The Senate has declared that it will be involving Anti-graft Agencies in the country to recover N135 billion Central Bank of Nigeria intervention funds to some firms in the oil and gas sector.
The Senate Committee on Gas Resources said the money must be recovered from defaulting beneficiaries.
The panel said this when the affected companies, numbering 14, appeared before it on Thursday to defend the utilisation of the loans they collected.
The members described as unacceptable the fact that there was no synergy between the Ministry of Petroleum Resources and the CBN on the project.
They also questioned the discriminatory disbursement of the funds to the beneficiaries and wondered why some firms collected more than the N10 billion credit limit.
The Chairman of the Committee, Senator Agom Jarigbe, collected the records of the beneficiaries and the locations of their project sites for immediate investigations.
Speaking at the investigative hearing, Jarigbe lamented that the funds released under the gas expansion and intervention fund were inappropriately accessed.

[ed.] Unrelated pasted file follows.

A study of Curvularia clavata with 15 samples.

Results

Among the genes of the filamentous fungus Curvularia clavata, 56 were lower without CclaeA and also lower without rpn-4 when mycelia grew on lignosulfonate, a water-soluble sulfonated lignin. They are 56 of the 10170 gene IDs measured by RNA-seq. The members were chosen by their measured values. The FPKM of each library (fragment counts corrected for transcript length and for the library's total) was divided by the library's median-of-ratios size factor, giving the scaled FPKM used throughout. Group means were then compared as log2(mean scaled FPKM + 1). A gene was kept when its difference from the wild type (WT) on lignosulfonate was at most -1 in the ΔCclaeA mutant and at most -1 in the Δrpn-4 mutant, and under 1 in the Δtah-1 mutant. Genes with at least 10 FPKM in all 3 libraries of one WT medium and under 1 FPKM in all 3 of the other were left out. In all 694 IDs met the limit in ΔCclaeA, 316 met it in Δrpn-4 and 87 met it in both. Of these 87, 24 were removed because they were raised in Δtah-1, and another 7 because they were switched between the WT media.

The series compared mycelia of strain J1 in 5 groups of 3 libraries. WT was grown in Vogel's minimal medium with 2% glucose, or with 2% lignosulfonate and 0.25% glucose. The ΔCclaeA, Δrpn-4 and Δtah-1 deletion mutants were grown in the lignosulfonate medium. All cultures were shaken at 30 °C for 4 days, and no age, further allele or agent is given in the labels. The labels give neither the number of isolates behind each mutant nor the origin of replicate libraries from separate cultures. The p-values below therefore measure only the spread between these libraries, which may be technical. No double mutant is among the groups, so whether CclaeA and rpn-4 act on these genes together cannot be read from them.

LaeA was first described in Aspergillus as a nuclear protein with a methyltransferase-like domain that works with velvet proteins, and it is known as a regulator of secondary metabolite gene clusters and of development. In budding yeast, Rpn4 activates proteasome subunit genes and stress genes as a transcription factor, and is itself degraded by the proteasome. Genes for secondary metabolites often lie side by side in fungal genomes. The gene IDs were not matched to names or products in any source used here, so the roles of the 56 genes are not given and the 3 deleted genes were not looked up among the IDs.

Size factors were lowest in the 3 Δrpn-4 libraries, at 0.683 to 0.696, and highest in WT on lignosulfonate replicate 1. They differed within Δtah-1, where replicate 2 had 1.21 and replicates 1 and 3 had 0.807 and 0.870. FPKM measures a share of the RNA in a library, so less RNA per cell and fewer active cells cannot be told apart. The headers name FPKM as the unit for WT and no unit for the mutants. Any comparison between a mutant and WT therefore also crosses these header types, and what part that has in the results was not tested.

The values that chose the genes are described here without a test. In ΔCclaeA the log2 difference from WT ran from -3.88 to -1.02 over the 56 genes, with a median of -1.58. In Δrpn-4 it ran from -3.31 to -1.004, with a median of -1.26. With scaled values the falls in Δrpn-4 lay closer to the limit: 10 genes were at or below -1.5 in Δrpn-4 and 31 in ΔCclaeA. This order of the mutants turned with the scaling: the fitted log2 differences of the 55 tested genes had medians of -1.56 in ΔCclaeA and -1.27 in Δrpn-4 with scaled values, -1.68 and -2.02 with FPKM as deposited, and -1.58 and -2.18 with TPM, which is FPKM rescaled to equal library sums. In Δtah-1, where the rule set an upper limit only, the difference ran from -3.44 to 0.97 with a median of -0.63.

He said, “The task of the committee is to ensure that the companies actually expended the funds on what they collected it for.
“The observation of the committee is that there are inconsistencies in the process and the committee may not hesitate to involve the Economic and Financial Crimes Commission to recover the funds.
“Some of the beneficiaries did not follow the guidelines. For instance, the ministry of petroleum resources is not even aware that the funds had been released.
“The guidelines stated clearly without ambiguity that they are supposed to do evaluation at the ministry before the list of the qualified ones would be sent to the CBN for them to access the loans but that was not done properly.
“We have also discovered that some of the companies do not have anything on ground since they got the loan.
“The committee would investigate all the observations and work on them and let Nigerians know the true position of things,” Jarigbe added.
However, theLegal Adviser to one of the beneficiaries, Lee Engineering and Construction Company, Mathew Agbadon, told the committee that the publication made by the committee had put the firm in a negative perspective.
He said, “There has been a fundamental misconception out there in the public domain that some people just leverage on the CBN money, stole it and went away.
“That is far from the truth. The truth of the matter is that as a beneficiary of that scheme, we had business with the commercial bank.
“The discussion was done at the commercial bank level and due diligence was done and our application was approved.
“Based on the application we accessed the facility as an organisation.
“Lee Engineering has been in the oil and gas industry for 32 years with over 4,000 employees.”